The New Mexico House of Representatives, pictured Dec. 6, in Santa Fe. (Photo by Patrick Lohmann / Source New Mexico)
Legislation to boost pay for Native American language instructors to match that of a level two public school teacher unanimously passed the New Mexico House of Representatives on Friday.
House Bill 60 also gives Pueblos and tribal nations the lead on developing traditional language criteria and determining who qualifies to lead instruction. The state Public Education Department currently oversees the Native American language certification process.
A separate effort to boost overall teacher pay based on the level of their license is swimming through the legislature. Under that proposal, level two teachers starting salary would bump from $50,000 to $60,000.
Without language, culture does not survive.
– Rep. Derrick Lente (D-Sandia Pueblo)
Native American language instructors currently earn between $31,000 and $43,000 depending on experience and school district, and they would benefit from the overall teacher pay raise if both bills pass.
Representative Derrick Lente from Sandia Pueblo said the proposal is instrumental for the state to meet its legal requirements under the Yazzie/Martinez lawsuit – a judgment that holds the state accountable for developing, among other things, greater support for traditional language programs in public schools.
“Without language, culture does not survive,” he said. “School districts and even our public education department have put so much emphasis on language revitalization to ensure that we can retain this identity as Native Americans and so when you talk about the importance (of language), long story short, it means everything.”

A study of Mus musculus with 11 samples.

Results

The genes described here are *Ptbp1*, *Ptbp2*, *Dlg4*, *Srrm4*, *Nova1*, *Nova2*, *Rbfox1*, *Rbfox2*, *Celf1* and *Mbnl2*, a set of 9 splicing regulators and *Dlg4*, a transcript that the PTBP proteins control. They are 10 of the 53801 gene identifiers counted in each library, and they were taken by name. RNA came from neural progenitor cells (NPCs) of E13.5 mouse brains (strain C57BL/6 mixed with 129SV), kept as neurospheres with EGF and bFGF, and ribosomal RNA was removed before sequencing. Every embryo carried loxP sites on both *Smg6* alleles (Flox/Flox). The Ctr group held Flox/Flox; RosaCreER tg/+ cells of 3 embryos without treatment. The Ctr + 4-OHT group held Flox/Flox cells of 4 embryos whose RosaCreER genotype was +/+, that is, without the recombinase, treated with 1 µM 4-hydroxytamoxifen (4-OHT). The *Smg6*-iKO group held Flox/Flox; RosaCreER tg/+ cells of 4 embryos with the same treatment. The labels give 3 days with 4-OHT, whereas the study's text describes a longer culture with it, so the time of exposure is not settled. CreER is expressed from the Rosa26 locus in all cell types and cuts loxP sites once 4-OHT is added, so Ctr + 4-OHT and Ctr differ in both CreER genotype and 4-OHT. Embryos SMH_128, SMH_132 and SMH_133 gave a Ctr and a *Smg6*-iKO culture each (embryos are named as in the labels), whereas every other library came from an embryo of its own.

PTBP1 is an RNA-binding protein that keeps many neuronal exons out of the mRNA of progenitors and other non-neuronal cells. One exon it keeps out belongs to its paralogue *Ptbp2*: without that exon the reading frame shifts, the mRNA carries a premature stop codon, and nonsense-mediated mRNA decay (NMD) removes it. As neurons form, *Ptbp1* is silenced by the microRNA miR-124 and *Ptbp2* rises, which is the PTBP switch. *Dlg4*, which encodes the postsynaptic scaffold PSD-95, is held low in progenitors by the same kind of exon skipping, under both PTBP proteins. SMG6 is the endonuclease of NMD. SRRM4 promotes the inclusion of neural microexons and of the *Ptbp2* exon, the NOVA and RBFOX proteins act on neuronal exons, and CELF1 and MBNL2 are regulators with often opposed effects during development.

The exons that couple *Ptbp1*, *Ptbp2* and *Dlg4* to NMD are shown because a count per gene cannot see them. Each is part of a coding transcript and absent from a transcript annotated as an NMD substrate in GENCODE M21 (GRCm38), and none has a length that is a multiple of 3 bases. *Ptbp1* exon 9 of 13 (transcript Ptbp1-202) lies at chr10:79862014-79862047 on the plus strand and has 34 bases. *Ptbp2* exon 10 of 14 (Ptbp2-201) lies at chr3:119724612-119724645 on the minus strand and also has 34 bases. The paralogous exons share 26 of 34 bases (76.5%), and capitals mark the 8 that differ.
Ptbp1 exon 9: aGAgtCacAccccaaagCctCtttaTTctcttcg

Currently a $1.25 million appropriation from the public education reform fund will pay for the raises. However, if overall teacher salaries increase, state analysts say $2.6 million will be needed to cover Native American language instructors.
Increasing access to traditional language is also supported in the Tribal Remedy Framework, an education reform plan that is supported by all 23 Pueblos and tribal nations in New Mexico.
New Mexico’s Native American language and culture certificate is designed to bring community members into classrooms, many of whom do not have college or teaching degrees, but have an expert competency in the language and culture of their tribe.
The Public Education Department said 99 people currently have a certificate and are teaching in schools.
According to PED, there are at least eight tribal languages spoken in New Mexico. Seven — Diné (Navajo), Jicarilla (Apache), Keres, Tewa, Tiwa, Towa and Zuni — are currently taught by certified language teachers in public schools. More than 7,200 students enrolled in Native American language programs, according to the Tribal Education Status Report.
Tribal education departments directing the criteria and determining licensure is a major component of the proposal and will require the state and tribal governments to draft a memorandum of understanding on how this process will take shape.
Language access is a privilege for many Native American people and while there is a need to integrate it into classrooms, there is also a requirement to respect tribal sovereignty by following their lead on how and who teaches language in classrooms, supporters say.
“This has everything to do with trying to recover from those hundreds of years of just difficult histories that bring back images of individuals, torn from their families from their homelands, taken to a school, in this case in this town, right down the street at the Santa Fe Indian School,” Lente said. “Hair chopped, whipped, mouth washed out if they spoke their Native tongue and still had that courage to come back to retain that identity in their own villages.”